Saturday, January 8, 2011

Me perdí la reunión donde Clara

Break out your pen and paper boys and girls, you'll want to write this one down.

The first time I saw this, I thought it was a typo, it reads like something is missing:

Me perdí la reunión donde Clara
I missed the meeting where Clara

However, when my friend used it a second time, I knew there was something going on I just didn't understand.

It turns out donde has a colloquial usage I never knew about.  In this context, donde means "en la casa de" or  "en casa de".   With that in mind, we could have written this as:

Me perdí la reunión en la casa de Clara
I missed the meeting at Clara's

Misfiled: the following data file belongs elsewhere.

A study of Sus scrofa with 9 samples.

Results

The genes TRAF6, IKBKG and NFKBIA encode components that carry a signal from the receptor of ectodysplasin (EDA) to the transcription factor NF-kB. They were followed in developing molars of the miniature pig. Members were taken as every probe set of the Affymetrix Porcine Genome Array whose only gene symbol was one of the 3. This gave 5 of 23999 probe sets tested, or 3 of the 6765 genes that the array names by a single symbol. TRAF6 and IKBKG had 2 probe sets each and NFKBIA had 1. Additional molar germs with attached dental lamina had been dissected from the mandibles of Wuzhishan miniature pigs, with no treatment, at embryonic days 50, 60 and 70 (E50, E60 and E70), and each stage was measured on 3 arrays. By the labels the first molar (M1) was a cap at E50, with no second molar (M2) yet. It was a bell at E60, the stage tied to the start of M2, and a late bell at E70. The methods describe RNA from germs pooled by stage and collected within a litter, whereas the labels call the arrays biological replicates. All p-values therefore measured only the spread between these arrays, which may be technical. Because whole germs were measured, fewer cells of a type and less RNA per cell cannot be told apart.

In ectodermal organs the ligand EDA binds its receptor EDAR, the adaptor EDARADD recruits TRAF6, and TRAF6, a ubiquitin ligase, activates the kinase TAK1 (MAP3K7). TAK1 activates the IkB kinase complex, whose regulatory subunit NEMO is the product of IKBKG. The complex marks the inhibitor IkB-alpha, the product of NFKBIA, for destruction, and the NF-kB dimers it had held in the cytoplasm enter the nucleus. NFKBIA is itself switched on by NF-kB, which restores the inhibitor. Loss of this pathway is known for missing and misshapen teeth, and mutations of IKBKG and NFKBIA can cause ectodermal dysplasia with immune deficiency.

Who knew?  Let's go over a few more details.

When you say "donde Clara", you're refering to that persons home, regardless of whether they are at home or not. 

Here's another example:

Estoy donde mi amigo
I'm at my friends house

Your friend may not be at home, but that's where you are.  You can also use the construction "en lo de" to say the same thing. 

Me perdí la reunión en lo de Clara
I missed the meeting at Clara's (house)

In a slightly different context, donde can also mean "next to" (‘junto a’ )

El banco está donde el cine
The bank is next to the movie theatre

This usage of donde in these contexts is pretty common and will make you sound like a native speaker for sure.  I recommend you go and use it every chance you get to burn it into your memory.

¡Nos vemos!


  1. ¡Muy interesante! Are these usages common to many Spanish speaking countries, or just one or two (and, if just 1 or 2, which ones)?

    Muchas gracias.

  2. Hi Juanita,

    To my knowledge, this is very common and should be understood by all.